Though widely known for its consumer electronics products, Panasonic is using its tech expertise to focus on a new venture: creating smart, sustainable cities of the future. Building on the success of its Sustainable Smart Town in Fujisawa, Japan — a factory turned thriving community complete with EV charging stations, IoT-enabled homes and businesses, and a renewable energy system providing a five-day storage of off-grid power — the company is bringing its CityNow program stateside, starting with Denver.

Located in close proximity to Denver International Airport, the decade-long project will deliver similar solutions to a 400-acre transit oriented development project near Pena Station. The city’s mayor Michael Hancock has expressed his desire for the airport and Pena Station to be more than just a transit hub, but rather an ultra-modern connected community that supports citizens and businesses alike with smart, sustainable technologies and responsive infrastructure that taps into real-time analytics made possible by big data and IoT.

“At Panasonic, we’re not political, we just want to get things done,” said Wendt. “So when the governor of Colorado, the mayor and all the stakeholders here in Denver, said: ‘This area could be your ‘living lab’ and become the US version of your success in Japan,’ we said: ‘We’re listening.’ Because, we know, if you can’t get all those stakeholders in alignment, our ability to be effective deteriorates significantly.”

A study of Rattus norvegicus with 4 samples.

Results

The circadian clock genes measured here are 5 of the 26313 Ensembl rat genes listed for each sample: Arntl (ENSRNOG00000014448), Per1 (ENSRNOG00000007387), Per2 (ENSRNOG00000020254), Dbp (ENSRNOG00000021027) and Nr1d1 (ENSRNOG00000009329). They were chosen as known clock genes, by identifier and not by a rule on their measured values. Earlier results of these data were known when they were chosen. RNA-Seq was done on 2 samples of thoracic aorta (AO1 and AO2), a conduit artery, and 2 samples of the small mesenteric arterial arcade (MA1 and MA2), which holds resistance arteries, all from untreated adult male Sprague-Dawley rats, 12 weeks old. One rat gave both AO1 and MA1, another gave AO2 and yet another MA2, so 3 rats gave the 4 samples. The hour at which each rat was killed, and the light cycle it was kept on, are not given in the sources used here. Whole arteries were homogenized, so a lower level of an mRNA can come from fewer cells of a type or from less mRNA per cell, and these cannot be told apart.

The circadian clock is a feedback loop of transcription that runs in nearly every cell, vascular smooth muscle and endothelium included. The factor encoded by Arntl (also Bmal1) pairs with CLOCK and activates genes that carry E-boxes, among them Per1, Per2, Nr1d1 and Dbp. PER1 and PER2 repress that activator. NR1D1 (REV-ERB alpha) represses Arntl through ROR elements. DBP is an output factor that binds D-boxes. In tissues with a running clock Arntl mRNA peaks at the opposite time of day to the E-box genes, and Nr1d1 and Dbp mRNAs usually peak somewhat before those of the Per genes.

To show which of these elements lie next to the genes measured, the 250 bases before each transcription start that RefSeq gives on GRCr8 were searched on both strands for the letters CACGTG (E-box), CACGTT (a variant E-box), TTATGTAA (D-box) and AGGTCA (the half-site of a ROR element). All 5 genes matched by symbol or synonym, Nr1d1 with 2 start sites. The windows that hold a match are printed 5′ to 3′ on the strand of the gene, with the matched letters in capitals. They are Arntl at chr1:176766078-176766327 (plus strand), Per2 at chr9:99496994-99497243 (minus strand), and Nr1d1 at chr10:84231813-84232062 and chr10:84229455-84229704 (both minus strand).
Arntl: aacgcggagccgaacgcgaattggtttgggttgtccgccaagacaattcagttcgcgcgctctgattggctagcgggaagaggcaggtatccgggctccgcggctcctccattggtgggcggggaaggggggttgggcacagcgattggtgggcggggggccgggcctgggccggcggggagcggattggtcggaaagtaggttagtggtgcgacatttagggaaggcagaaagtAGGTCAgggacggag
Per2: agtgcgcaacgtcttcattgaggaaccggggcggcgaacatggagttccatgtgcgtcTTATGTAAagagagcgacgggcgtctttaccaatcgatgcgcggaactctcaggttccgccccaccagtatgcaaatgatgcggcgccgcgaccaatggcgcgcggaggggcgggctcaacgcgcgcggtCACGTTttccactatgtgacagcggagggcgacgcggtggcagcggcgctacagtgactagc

“The city of Denver and Panasonic share a common goal — that goal being to empower people through the real-time delivery of information and services. I saw firsthand the power of Panasonic CityNow efforts in Fujisawa, Japan,” Mayor Hancock said in a statement at the launch of the project. “It’s ultimately about making our residents’ lives better, simpler, more comfortable and more connected.”


In the face of climate change, cities will need to embrace sustainable technologies and urban planning practices in order to both reduce impacts and safeguard themselves against short- and long-term crises. What’s more, appearing at the cutting edge of sustainability is also a way for cities to attract and maintain new talent, investment and resources. Cities such as Denver, where government agencies are all on the same page, are few and far between. Panasonic hopes that success in Denver will help prove its CityNow model and pique the interest of other cities across North America.